The Army teaches officers how to deal in expectation management. Don’t tell the brigade commander he’s going to have Time Warner Cable in Iraq. Make sure he knows its going to be like dial up, then he’ll be happy if he gets DSL.

The Army also warns about expectation management when you come home. Don’t come in and take over, it tells Dads coming home to kids they don’t know and a wife who has done it all for the last year. Tell her she’s done a good job and ask where you can help out. Don’t expect the kids to be all over you. They might not want to talk to you or be afraid of you or worse, might not know you.

Except that these expectations deal with the majority of folks in the Army: dads and husbands. There really isn’t a good guide out there on how to deal with the mommy guilt, what to do when your kids says I don’t think you love me or is just plain stubborn because she can be. They don’t tell you what to do when you just want to scream. Actually they do tell you what to do: get pills and get counseling.

But that doesn’t alleviate the mommy guilt that makes me wonder just how good of a parent I am, am I doing the right thing. Do my kids know that I love them, even if I have to take some time for myself? Or do I really need to sacrifice everything that makes me who I am in order for them to be reasonably well adjusted adults.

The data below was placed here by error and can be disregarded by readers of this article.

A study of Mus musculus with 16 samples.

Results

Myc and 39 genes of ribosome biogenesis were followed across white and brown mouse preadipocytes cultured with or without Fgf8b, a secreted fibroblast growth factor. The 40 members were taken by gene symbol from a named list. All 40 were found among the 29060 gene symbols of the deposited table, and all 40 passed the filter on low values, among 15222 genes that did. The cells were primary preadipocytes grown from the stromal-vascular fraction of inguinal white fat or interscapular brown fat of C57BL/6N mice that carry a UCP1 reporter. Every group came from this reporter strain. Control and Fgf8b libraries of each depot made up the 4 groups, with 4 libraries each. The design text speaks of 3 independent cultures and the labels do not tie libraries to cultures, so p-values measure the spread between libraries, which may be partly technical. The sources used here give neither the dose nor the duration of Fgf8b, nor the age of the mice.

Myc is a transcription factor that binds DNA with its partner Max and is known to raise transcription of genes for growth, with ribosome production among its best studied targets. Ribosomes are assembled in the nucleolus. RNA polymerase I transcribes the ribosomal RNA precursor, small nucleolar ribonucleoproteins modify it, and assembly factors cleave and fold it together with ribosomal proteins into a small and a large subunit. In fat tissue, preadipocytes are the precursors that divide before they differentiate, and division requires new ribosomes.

I made a comment on Twitter this morning about the Virgin Mary screwing me (and all mothers) by raising the bar to impossible heights. I mean, hell, she raised the savior of humanity, I’m just hoping not to raise an ax murderer. (FYI, I am Catholic and I do pray to the Virgin Mary, so I’m hoping She understands, if anyone could, the trials and tribulations of trying to be a good mom). But no one ever pictures the Virgin Mary losing her temper or arguing with Jesus about what to wear to school or would He please eat so He’s not late.

No, instead the ideal of being a good mom, for me, would mean less self doubt. A little more calm. A lot less yelling and a lot more hugs.

And it would have helped if the Army recognized that moms go through a whole lot more when they come home than the dads do. Most Dads have a wife who has held it together for the last year and they get to fit back in. They don’t have to start completely over from scratch with two kids who thought you’ve abandoned them and who feel guilty for loving the grammy who took such awesome care of them.

And the only people who really understand just how challenging this is is another mom. But all of our situations are different. All of the demands we place on ourselves are different. I want my kids to be well fed and well rested and happy. I’d like to start the morning off without screaming and crying and yelling just to make it out the door. I thought those were pretty reasonable expectations.

Guess I need to readjust the bar. Hope the Virgin Mother will help me with that, cause it’s a pretty big struggle right about now.